The unemployment news among veterans isn’t all bad. But while jobless rates are improving, former soldiers still face a bigger struggle landing employment than non-veterans.
Case in point: a recent study by the Bureau of Labor Statistics found the unemployment rate to be 6.8 percent among younger veterans, compared to 5.7 percent for the nation as a whole. Fortunately, a lot of people are working to solve this problem.
The 2011 “Hire Our Heroes” act required government agencies to come up with classes to help military veterans transition to civilian careers. One program that grew out of this mandate is Boots to Business, a training program that guides veterans through the fundamentals of entrepreneurship. Many are already benefiting from these classes, such as the more than 60 veterans hired by the MGM Grand Detroit (which has a Boots to Business program with the American Red Cross).
Rozell Blanks Sr., vice president of human resources at MGM Grand Detroit told Matthew Gryczan of Crain’s Detroit Business that when a company hires a veteran, “What you get is an individual who has high integrity, a high sense of honor and who wants to do their very best…I can’t think of a more difficult job than one that requires you to put your life on the line, and it’s not for a whole lot of money. So you’re talking about highly skilled, highly technical, well-disciplined individuals who tend to excel quickly in an organization.”
The U.S. Small Business Administration (SBA) and Syracuse University’s Institute for Veterans and Military Families want to extend the program’s reach even further by offering Boots to Business: Reboot. Through it, free, two-day seminars will be held at dozens of sites across the country during July and August for veterans interested in starting their own businesses. Recently, a Reboot was held in Washington, D.C. in a very special building: the White House.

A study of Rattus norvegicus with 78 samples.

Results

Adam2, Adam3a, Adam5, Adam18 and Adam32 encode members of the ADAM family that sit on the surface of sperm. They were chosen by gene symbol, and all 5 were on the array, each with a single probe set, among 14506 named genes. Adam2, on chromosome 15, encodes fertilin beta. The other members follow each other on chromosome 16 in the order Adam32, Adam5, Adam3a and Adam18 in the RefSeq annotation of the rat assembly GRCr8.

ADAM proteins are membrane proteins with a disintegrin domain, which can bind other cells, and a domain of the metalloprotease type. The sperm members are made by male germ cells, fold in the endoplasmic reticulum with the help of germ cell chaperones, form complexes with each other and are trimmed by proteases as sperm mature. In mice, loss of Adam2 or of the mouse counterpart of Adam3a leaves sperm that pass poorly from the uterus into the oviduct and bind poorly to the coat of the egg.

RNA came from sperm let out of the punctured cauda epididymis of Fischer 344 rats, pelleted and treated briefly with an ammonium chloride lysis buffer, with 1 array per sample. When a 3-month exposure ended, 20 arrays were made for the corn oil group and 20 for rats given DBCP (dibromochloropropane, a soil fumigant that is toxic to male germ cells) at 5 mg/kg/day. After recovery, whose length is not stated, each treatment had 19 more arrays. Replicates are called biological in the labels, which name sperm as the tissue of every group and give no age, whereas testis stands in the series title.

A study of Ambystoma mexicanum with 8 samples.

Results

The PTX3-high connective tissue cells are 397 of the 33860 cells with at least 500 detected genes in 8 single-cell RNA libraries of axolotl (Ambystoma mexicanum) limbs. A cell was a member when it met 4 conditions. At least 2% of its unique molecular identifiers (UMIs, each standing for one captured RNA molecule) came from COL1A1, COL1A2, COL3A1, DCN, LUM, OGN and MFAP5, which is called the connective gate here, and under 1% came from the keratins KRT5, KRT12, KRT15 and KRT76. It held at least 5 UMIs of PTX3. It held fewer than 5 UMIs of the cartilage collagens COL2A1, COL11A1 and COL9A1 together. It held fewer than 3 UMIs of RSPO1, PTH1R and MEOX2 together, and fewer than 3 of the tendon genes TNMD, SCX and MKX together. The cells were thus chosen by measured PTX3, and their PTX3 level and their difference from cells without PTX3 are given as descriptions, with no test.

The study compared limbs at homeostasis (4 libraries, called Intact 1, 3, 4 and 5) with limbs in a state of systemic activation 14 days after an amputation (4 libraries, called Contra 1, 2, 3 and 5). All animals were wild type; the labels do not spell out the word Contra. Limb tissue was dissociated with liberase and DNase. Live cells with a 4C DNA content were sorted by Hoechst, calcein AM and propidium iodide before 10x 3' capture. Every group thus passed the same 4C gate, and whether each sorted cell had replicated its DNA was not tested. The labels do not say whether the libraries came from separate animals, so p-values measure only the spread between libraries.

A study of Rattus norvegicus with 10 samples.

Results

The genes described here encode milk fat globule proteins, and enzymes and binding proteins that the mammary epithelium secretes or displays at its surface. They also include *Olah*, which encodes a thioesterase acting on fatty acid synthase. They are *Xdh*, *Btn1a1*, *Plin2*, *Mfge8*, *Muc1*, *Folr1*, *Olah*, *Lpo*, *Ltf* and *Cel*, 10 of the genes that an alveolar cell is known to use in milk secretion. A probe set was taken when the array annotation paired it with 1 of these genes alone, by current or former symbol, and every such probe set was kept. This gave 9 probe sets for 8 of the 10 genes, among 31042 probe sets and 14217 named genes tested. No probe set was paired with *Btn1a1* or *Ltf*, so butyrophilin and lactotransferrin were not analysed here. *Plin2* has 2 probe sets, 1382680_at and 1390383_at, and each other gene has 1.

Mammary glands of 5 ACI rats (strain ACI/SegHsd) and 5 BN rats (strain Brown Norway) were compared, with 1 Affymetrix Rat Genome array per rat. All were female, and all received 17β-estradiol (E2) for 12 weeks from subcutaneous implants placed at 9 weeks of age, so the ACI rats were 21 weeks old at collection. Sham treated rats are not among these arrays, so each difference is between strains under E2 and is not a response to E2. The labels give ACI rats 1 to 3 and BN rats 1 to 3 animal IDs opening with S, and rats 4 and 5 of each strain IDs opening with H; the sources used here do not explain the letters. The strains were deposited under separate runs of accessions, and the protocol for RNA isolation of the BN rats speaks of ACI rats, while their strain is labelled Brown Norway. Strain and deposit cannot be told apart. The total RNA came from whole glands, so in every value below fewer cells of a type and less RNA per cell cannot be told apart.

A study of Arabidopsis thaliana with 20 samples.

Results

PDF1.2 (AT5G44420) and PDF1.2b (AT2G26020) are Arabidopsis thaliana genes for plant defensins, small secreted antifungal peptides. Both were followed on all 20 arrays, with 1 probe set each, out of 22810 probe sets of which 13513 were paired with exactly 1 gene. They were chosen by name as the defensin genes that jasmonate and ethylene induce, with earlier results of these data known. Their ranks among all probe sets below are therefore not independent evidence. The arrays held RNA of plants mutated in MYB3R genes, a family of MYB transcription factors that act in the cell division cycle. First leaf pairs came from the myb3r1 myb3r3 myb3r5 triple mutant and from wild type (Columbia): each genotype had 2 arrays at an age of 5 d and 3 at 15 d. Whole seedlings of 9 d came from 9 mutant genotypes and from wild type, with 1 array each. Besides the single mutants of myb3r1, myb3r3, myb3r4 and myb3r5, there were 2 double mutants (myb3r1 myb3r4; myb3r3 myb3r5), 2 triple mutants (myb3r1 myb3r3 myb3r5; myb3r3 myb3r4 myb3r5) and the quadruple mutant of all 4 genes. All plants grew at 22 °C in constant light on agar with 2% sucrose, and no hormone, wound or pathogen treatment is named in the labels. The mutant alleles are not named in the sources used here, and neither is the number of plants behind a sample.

If they choose, vets can supplement the two-day Reboot program with eight weeks of online classes. At the end of those lessons, soldiers should know how to come up with a good idea for a small business, write a business plan, identify people and organizations that can help them and be able to launch the business.
Ray Toenniessen, Managing Director of Development and External Relations of the Institute for Veterans and Military Families at Syracuse University said in a press release, “We know veterans make the best entrepreneurs and we know veterans hire veterans, that’s why IVMF and the SBA are so committed to training and educating veterans about entrepreneurship and small business ownership.”
According to the United States Census Bureau, veterans owned 2.4 million businesses in the U.S. in 2007 — that’s 9 percent of all the companies in the country. And those vet-owned businesses employed 5.8 million people, generating $1.2 trillion in receipts. With the downsizing of the military, now sounds like a great time to keep the veteran-owned small business trend rolling.